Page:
The ARMi Assistive Technology Arm
Staunton Media Lab Unveils ARMi Assistive Technology Arm
ARMi Brings Tech Tools Within Reach of Disabled
Putting 1,000 helping hands into homes this holiday season.
(Staunton, VA — September 1, 2017) On Friday, September 1, the Staunton Media Lab will debut a breakthrough in assistive technology — the ARMi Assistive Technology Arm — putting advanced technology within reach of the disabled.
The ARMi (short for "Advanced Recreational Media Interface") is a portable, mechanical arm that allows for "hands-free" use of smartphones, tablet computers, remote controls, and other useful devices. The ARMi Assistive Technology Arm also holds many devices useful for disabled or mobility-challenged persons, including a mirror, a magnifying glass and a magnetic plate.
The ARMi was developed as an inexpensive document reader for the blind. Document readers for the blind can cost several thousand dollars — too expensive for many who need them. However, smartphones that cost less than $100 can read documents to the blind — if the person has help holding the phone. The ARMi Assistive Technology Arm provides those helping hands. With the ARMi and a smart phone, blind persons can easily position the phone and have books and documents read out loud by the phone.
The ARMi begins selling on Amazon October 1 for only $99. However, during the month of September, the ARMi is available for only $69 through Kickstarter. Supplies are limited to 1,000 units.
SML's Audio Director, Coley Evans, co-developer of the ARMi, has been blind since birth. He relies on his ARMi for audio production. Coley's ARMi holds his microphone in the center, a digital recorder in one arm and a smartphone in the other. The ARMi comes with three flexible gooseneck arms that mount in any direction. It's a video or audio streamer's dream come true!
With the ARMi, your tech is in touch and your tools stay put! No more hunting for the remote control — it's on the ARMi. So are the phone, the calculator, the car keys, the headphones. The ARMi makes your tech toys easier to find and harder to steal. Merchants love ringing up sales with the ARMi — just swipe, swivel and sign!
The ARMi improves posture by allowing people to look up or stand up when using phones or tablets. It ergonomically adjusts to the level you want. It can attach to hospital beds, wheel chairs, bedroom furniture and even bathroom furniture. The ARMi provides assistance wherever it is needed. It needs no batteries and has no power cord. The ARMi is rugged, durable and well suited to a wide variety of locations.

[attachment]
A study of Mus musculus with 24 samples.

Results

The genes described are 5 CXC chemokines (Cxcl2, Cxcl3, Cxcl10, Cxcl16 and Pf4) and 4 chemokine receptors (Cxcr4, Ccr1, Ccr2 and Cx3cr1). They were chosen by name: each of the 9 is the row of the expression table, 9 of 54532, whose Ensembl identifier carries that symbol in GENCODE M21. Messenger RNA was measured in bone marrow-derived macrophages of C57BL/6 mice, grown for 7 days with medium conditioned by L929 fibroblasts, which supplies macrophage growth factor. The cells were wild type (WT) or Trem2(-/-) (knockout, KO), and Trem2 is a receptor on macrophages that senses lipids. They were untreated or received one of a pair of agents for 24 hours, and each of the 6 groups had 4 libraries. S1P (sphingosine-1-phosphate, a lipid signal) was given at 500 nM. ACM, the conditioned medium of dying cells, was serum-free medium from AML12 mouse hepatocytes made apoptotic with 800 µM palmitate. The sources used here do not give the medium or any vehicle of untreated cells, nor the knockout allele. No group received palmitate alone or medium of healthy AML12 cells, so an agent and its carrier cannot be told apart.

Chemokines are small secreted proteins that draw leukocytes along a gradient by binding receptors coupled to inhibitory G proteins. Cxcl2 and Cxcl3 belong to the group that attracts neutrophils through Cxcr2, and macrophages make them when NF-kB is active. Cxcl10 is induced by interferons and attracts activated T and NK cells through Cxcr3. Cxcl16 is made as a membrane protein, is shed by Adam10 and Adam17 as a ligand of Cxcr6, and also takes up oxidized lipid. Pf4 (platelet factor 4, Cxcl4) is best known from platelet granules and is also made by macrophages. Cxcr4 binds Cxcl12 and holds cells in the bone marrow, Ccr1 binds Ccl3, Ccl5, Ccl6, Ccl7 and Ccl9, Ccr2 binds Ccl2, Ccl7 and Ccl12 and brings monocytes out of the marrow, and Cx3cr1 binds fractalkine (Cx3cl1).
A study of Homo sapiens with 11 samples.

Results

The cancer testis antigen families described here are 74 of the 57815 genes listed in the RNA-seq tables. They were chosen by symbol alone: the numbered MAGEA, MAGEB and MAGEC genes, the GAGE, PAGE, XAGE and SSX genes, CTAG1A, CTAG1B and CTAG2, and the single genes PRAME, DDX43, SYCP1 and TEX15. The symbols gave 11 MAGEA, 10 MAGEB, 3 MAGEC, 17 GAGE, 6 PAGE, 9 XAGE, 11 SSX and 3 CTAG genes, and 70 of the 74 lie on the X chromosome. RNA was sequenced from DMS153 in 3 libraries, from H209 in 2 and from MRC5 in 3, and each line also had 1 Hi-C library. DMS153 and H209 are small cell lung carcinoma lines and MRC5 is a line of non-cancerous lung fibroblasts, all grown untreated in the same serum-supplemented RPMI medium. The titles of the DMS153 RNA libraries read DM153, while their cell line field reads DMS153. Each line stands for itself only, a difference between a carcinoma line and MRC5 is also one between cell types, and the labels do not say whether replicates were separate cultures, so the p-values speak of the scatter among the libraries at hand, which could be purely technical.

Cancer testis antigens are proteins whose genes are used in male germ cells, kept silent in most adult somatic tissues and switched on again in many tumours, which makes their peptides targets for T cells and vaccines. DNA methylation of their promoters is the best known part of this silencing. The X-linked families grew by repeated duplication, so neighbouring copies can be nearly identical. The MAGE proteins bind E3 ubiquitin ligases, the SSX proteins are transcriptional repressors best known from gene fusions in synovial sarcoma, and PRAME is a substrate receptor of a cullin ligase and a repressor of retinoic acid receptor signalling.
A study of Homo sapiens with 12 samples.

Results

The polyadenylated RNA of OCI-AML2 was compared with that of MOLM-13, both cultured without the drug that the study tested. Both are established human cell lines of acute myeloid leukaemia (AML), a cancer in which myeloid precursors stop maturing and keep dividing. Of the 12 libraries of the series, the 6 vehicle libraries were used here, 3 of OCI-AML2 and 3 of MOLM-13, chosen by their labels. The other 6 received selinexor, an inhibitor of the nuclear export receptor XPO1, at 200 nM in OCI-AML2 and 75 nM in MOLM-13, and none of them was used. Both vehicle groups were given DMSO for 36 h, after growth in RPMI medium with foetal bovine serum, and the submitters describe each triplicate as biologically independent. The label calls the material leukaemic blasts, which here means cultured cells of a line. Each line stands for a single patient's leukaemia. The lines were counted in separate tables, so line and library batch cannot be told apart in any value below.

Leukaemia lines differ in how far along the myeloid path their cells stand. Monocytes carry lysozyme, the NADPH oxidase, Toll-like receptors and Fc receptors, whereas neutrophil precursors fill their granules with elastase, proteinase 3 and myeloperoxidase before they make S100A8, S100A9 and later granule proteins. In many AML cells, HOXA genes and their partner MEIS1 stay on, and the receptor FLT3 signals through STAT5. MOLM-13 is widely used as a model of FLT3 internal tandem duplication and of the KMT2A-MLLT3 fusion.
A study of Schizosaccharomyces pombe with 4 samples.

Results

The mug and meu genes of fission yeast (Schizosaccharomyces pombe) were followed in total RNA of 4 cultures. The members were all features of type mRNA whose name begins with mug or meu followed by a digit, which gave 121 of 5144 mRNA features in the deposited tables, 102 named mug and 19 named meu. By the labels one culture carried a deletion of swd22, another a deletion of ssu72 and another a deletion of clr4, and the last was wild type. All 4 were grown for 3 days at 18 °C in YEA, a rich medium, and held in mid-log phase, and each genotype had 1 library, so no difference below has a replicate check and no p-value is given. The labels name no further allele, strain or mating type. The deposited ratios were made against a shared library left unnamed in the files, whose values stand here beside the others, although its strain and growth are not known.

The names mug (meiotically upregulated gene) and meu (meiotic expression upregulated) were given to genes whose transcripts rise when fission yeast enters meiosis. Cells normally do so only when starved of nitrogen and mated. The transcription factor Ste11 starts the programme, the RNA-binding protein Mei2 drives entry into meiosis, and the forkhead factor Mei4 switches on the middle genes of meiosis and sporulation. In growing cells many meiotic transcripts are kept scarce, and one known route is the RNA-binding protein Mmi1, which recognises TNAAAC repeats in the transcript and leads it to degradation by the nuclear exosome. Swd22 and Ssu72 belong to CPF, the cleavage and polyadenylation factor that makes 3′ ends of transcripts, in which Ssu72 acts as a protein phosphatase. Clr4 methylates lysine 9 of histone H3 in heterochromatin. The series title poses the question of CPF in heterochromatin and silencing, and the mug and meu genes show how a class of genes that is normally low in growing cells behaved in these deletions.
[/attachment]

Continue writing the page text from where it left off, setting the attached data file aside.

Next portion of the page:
The ARMi was developed at the Staunton Media Lab (SML), a program for blind, deaf and "uniquely-able." SML is a for-profit venture producing audio and video content for a wide variety of customers including the American Shakespeare Center, voiceovers for radio and TV commercials, and video trailers for authors and musicians.
In 2016, Staunton Media Lab was recognized as Business of the Year by Virginia's Department of Blind and Vision Impaired. Steve O'Keefe, the Lab's Executive Director, has worked with blind, deaf, and cognitively-impaired persons for 35 years. O'Keefe taught at Tulane University for over a decade before hurricanes caused him to move to Staunton in 2010.
The Staunton Media Lab began as an afternoon workshop in audio and video editing for the blind and the deaf. In 2016, the project incorporated and moved onto the campus of the Virginia School for the Deaf and the Blind in Staunton. The Lab is housed in an old television production studio that had not been operated in over a decade.
Details of Kickstarter Campaign for the ARMi
The ARMi is available exclusively on Kickstarter during the month of September. The campaign ends on October 1. The ARMi retails for $99 but is available during the Kickstarter campaign for only $69 plus shipping. Supplies are limited to 1,000 units and they are expected to sell out quickly.
"We are practically giving them away," says O'Keefe. "The Kickstarter campaign will help us fund design work to streamline the ARMi and bring the cost down enough to sell them on Amazon for $99 and make a profit." Kickstarter ARMies will arrive by Thanksgiving. O'Keefe's goal is to get "1,000 helping hands into homes this holiday season."
The Kickstarter page has videos and pictures of the ARMi being used in many different ways. Workshop ARMi shows the device with a magnifying glass, smart phone, tablet and cup holder attached. Bathroom ARMi shows it being used as a toilet paper holder, with a magnifying glass, mirror and smartphone holder. "Some people have no choice but to spend a lot of time in bed or in the bath," O'Keefe said.
How to Connect With the Staunton Media Lab
Steve O'Keefe, Executive Director, and Coley Evans, Audio Director, at the Staunton Media Lab designing the ARMi Assistive Technology Arm.